California mass shooting suspect was barred from buying gun


SACRAMENTO, Calif. – The man accused of going on a shooting rampage at a Southern California business, killing four people, should not have been allowed to buy or own guns because of a California law that prohibits people from purchasing weapons for 10 years after being convicted of a crime.

Aminadab Gaxiola Gonzalez was convicted of battery in 2015, which should have kept him from possessing or buying guns or ammo at stores that conduct background checks. While it's unclear how Gaxiola, 44, acquired the weapons used in the March 31 shooting, the tragedy raises concerns over California's ability to enforce strict gun control laws, the Sacramento Bee reported on Friday,

Police say Gaxiola had targeted Unified Homes, the mobile home brokerage company in Orange, and had personal and business relationships with the victims. His estranged wife had worked in the business for more than 10 years as a broker assistant.

The shooting occurred nearly six years after Gaxiola pleaded guilty to misdemeanor battery, which should have put him on the list prohibiting him from owning firearms for the next 10 years. The list is used during the state's gun and ammunition background check process.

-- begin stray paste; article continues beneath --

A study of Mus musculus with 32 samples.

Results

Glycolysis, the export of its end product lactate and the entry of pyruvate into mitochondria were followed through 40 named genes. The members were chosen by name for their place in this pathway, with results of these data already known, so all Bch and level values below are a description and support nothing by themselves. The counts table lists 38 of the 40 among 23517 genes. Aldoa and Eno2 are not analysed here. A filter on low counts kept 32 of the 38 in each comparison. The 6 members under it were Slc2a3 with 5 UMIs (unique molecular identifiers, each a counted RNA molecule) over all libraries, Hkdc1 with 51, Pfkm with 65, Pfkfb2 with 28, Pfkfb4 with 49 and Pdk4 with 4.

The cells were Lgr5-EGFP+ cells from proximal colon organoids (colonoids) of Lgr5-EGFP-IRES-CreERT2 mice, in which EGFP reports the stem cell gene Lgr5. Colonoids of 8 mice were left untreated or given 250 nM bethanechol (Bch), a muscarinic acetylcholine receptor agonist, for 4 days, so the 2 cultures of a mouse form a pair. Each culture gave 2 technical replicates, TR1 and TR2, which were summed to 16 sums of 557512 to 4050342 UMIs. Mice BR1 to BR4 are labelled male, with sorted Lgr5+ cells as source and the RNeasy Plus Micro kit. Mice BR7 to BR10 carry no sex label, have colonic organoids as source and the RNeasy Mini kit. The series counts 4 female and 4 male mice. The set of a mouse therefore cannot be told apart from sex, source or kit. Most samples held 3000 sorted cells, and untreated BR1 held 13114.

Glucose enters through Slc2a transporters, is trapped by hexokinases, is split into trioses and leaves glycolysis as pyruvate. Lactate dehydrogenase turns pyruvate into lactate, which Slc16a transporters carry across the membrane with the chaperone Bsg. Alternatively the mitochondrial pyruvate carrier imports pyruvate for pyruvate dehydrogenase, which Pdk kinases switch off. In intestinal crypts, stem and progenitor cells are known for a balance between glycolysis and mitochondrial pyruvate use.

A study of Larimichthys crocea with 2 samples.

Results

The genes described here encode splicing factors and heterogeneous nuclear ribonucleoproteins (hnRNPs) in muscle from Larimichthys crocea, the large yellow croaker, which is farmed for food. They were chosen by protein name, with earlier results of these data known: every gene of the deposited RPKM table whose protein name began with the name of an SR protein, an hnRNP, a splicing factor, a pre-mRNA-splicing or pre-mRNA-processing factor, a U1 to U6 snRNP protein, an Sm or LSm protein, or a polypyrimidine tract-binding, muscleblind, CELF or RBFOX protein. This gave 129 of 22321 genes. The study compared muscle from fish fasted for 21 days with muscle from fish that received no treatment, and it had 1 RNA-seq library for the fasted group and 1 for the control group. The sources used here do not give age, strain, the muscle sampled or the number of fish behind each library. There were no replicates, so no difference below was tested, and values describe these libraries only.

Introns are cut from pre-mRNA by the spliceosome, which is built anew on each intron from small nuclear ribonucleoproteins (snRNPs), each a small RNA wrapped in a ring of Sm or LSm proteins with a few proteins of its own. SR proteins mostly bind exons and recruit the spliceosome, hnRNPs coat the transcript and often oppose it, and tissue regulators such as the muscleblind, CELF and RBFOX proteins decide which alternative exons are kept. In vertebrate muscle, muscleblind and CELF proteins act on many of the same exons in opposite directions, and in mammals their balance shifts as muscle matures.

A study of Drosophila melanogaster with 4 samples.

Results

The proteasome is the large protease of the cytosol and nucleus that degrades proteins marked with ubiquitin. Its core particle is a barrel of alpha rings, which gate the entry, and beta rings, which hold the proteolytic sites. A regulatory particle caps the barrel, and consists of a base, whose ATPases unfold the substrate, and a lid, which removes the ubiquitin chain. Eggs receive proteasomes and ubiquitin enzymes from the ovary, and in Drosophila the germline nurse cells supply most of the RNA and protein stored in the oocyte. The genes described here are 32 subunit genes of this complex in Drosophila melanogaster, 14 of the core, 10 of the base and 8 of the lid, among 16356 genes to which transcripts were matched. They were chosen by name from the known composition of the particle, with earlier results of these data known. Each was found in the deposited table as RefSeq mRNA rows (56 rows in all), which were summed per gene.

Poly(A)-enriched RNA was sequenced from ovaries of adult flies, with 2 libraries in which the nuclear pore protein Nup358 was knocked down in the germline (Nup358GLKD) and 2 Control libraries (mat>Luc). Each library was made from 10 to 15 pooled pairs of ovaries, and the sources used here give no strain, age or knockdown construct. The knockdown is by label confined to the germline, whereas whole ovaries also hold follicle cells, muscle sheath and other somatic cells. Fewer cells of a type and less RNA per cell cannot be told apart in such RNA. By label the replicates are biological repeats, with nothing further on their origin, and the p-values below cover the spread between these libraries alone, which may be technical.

Two weeks after the mass shooting, police learned Gaxiola was not on the “Prohibited Persons List,” though he might still have been blocked from buying a gun during a standard background check, Orange Police Lt. Jennifer Amat said.

Detectives were still working on tracing the Glock semi-automatic handgun and ammunition, she said.

It's rare that a background check misses a prohibited person, or that a dealer would decide to still sell to a banned customer, said Steve Lindley, a former California Department of Justice Bureau of Firearms chief who now works as a program manager at the Brady Campaign to Prevent Gun Violence.

Even with all the stopgaps in a “very, very good system,” Lindley said, people still acquire guns illegally.